One of the most breath-taking moments that I ever experienced in El Salvador was on an early trip. We had seen the poverty of San Salvador (so we thought) as people spend their day hawking items at stop lights or trying to scratch out a living selling fruits at a roadside stand. (What a risky living, to try to entice people flying down a highway to stop and buy your wares- while watching your children.) We had seen other forms of poverty, especially following the earthquake, when people lost their mud-brick-and-stick homes and were living under plastic strung from trees. I thought we had seen it all, until we saw the community living at the garbage dump. (I am not intending to use the word 'dump' dismissively, but that's what the NGO herself was calling it)
A garbage dump. Just when I thought I had seen it all- a garbage dump.
When we hear that unemployment is over 50% and underemployment is much higher; when we hear that people are landless; when we hear that people have to be creative in finding ways to provide for their families- that means things like a community that lives in a garbage dump. They came to forage through the garbage, looking for items that could be redeemed by pulling it out, cleaning it up, and taking it to town to sell on the street. They stayed because the did not have another home and by staying the could get first dibs on new piles of garbage. They found scraps of plywood or tin to lean against each other, pieces of string and plastic to hold things together, and they made them into their homes. There were children living there, old people dying there, and of course there were numerous health problems festering there because of the toxins that inevitably seep into the rivulets of water that form during the rainy season.
An NGO worker told me that she was part of a group that advocated on behalf of this community. The city government of San Salvador was going to close this dump and start using a new one, which was bounded on all sides by high fencing and barbed wire. And the people of the dump protested. It might be festering, it might be an eyesore, it might be heartbreaking, but they called it home and work and it was their way of providing for their families. The story that I heard at that time (I don't know the current status), was that they agreed for half the trash to go to the 'old dump' and half to go to the new one. A small victory, according to the NGO worker.
I think we saw this dump on our most recent trip. We stayed at a different guest house and so we saw a part of San Salvador that I had not seen in the last few years and I am pretty sure that we passed the dump on our way out of town. It is the dry season right now, so the puddles and mud were not there like the first time I saw it. And it might not be an active landfill- it didn't have that look to it. The biggest difference for me was that I felt guilty staring at it and tried not to. I was telling my van-mates about the earlier experience, but I had this extreme feeling that I was falling into the trap of the 'poverty tour' if all I did was to gawk at how horrible this place was. It is their home. They emerge from those shacks as clean as possible, trying to keep their dignity intact. They are living there, eating there, making love there, birthing babies there, teaching the alphabet there, dying there, dreaming there. And I have to respect that.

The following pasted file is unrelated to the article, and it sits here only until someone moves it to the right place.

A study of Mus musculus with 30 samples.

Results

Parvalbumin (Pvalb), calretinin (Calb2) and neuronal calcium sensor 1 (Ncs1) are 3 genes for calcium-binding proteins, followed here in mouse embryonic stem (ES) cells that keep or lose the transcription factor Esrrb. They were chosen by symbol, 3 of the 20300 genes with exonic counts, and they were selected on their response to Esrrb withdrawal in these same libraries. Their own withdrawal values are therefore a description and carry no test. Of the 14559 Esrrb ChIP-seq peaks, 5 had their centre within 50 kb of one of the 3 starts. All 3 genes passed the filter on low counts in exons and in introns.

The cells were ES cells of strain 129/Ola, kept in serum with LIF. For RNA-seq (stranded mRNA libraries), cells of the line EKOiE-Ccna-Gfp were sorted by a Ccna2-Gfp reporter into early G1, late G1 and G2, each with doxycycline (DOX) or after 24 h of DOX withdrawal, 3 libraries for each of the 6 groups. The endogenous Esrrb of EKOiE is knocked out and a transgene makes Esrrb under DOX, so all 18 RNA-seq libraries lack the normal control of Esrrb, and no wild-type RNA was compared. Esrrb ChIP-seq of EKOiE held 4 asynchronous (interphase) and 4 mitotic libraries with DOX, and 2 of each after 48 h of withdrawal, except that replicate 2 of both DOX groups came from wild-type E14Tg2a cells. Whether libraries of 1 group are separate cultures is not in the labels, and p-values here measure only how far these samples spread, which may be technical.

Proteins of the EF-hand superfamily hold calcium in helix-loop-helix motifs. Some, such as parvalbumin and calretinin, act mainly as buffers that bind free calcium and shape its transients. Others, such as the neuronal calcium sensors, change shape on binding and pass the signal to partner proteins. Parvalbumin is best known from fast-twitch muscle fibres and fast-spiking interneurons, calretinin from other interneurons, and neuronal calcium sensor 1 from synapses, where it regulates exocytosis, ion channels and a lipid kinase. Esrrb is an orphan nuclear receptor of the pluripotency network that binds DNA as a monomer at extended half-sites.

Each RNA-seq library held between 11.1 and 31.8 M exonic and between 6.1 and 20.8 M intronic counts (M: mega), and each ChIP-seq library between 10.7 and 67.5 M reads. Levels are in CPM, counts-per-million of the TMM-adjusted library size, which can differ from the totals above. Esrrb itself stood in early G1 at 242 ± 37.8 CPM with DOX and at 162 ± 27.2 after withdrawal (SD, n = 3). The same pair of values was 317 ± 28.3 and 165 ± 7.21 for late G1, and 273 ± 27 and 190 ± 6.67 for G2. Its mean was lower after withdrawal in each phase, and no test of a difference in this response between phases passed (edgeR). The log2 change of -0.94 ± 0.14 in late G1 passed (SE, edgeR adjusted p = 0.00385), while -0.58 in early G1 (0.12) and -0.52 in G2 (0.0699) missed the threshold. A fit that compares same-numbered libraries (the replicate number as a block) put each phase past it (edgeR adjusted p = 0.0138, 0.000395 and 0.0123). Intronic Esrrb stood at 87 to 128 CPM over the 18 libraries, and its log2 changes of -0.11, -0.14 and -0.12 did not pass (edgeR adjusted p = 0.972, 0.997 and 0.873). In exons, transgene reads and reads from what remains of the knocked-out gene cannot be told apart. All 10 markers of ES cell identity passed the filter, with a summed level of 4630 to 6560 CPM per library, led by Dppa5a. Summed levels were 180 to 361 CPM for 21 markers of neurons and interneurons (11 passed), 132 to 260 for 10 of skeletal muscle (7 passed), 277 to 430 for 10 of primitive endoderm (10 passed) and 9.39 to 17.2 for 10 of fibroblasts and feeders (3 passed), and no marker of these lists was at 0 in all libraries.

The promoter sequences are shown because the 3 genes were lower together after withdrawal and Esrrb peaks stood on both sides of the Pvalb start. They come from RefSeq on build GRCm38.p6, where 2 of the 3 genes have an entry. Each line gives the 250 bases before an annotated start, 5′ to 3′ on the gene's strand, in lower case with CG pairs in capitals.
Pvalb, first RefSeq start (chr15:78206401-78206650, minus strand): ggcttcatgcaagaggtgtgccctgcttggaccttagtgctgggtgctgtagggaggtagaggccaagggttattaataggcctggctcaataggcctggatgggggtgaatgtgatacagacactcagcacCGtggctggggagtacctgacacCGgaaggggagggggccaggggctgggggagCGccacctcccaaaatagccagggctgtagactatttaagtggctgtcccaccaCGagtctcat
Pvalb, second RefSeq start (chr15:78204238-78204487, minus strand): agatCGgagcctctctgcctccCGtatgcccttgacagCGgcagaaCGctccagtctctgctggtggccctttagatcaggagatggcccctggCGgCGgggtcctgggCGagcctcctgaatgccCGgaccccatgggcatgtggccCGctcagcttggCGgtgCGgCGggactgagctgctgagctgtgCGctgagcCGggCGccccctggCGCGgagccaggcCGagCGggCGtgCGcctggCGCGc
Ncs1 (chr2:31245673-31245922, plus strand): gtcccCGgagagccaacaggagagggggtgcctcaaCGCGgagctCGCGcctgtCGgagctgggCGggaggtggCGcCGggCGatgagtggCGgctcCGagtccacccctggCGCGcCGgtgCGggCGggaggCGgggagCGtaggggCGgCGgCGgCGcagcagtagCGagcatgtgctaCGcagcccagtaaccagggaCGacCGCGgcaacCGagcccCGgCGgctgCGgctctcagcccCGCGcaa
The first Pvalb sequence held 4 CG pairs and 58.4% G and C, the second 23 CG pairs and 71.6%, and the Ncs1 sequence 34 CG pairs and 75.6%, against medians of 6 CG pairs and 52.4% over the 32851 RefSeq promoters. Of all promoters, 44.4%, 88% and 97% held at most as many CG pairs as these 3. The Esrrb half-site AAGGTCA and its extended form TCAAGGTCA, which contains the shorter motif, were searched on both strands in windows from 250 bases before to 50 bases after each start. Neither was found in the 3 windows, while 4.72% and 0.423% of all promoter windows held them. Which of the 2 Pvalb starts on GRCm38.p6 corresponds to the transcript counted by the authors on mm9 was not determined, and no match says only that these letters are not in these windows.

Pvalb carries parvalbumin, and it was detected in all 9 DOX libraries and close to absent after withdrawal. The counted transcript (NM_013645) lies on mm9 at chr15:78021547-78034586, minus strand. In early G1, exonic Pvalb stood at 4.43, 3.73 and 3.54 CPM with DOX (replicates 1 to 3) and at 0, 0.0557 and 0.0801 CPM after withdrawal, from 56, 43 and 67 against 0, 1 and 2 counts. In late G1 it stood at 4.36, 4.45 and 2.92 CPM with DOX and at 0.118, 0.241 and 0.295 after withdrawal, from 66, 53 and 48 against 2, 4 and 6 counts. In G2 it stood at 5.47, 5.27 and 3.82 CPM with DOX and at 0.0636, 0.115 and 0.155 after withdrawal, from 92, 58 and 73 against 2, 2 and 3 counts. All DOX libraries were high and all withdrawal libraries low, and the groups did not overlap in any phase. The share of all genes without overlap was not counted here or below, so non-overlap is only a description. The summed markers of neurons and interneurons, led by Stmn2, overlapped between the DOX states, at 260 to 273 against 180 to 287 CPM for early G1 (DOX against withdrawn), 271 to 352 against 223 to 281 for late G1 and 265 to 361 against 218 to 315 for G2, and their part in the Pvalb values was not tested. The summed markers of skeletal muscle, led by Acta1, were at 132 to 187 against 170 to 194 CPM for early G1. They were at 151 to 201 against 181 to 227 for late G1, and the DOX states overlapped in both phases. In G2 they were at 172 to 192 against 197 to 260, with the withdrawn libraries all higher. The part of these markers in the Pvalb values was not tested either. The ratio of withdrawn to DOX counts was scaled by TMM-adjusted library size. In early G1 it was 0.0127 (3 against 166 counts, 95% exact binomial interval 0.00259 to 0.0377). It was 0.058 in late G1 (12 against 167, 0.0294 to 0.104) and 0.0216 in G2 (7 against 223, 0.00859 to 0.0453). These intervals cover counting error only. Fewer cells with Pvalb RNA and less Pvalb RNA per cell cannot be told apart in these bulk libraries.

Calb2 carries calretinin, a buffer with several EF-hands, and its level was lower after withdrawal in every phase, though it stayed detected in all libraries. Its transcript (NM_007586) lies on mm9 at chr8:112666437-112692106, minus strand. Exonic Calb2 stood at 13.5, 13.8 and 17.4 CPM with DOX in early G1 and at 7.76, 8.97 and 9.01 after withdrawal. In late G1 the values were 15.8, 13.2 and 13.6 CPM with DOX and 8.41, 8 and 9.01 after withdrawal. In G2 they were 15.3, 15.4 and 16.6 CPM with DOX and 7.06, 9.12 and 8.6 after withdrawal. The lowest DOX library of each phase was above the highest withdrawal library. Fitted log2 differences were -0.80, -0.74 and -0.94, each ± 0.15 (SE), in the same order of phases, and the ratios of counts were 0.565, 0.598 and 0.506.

Shortly after my first encounter with this dump, while back home in the States, I met a missionary who had been in El Salvador for a couple of years. We shared stories and interests and I liked him immediately. Then he told me that he was part of a program that was trying to get the city of San Salvador to close a garbage dump where people were living in horrible conditions. It was the kind of story that I would normally applaud and support. But, the wisdom of my NGO friend forced me to ask him, "Do the people in that dump want to be relocated?" (I know, it sounds like a stupid question, almost like when Jesus would look at bent over, ill people and ask, "Do you want to be healed?")
The missionary just stared at me for a while and mumbled, "Well, I never really asked."
In the end, I don't know if people ought to be living in a garbage dump. I don't know if the NGO worker was doing them a favor by helping them to stay there or if the missionary was doing them a favor by trying to get the dump closed. But, this much seems clear, if we view the folks living in the dump as real people, God's beloved children: We ought to ask.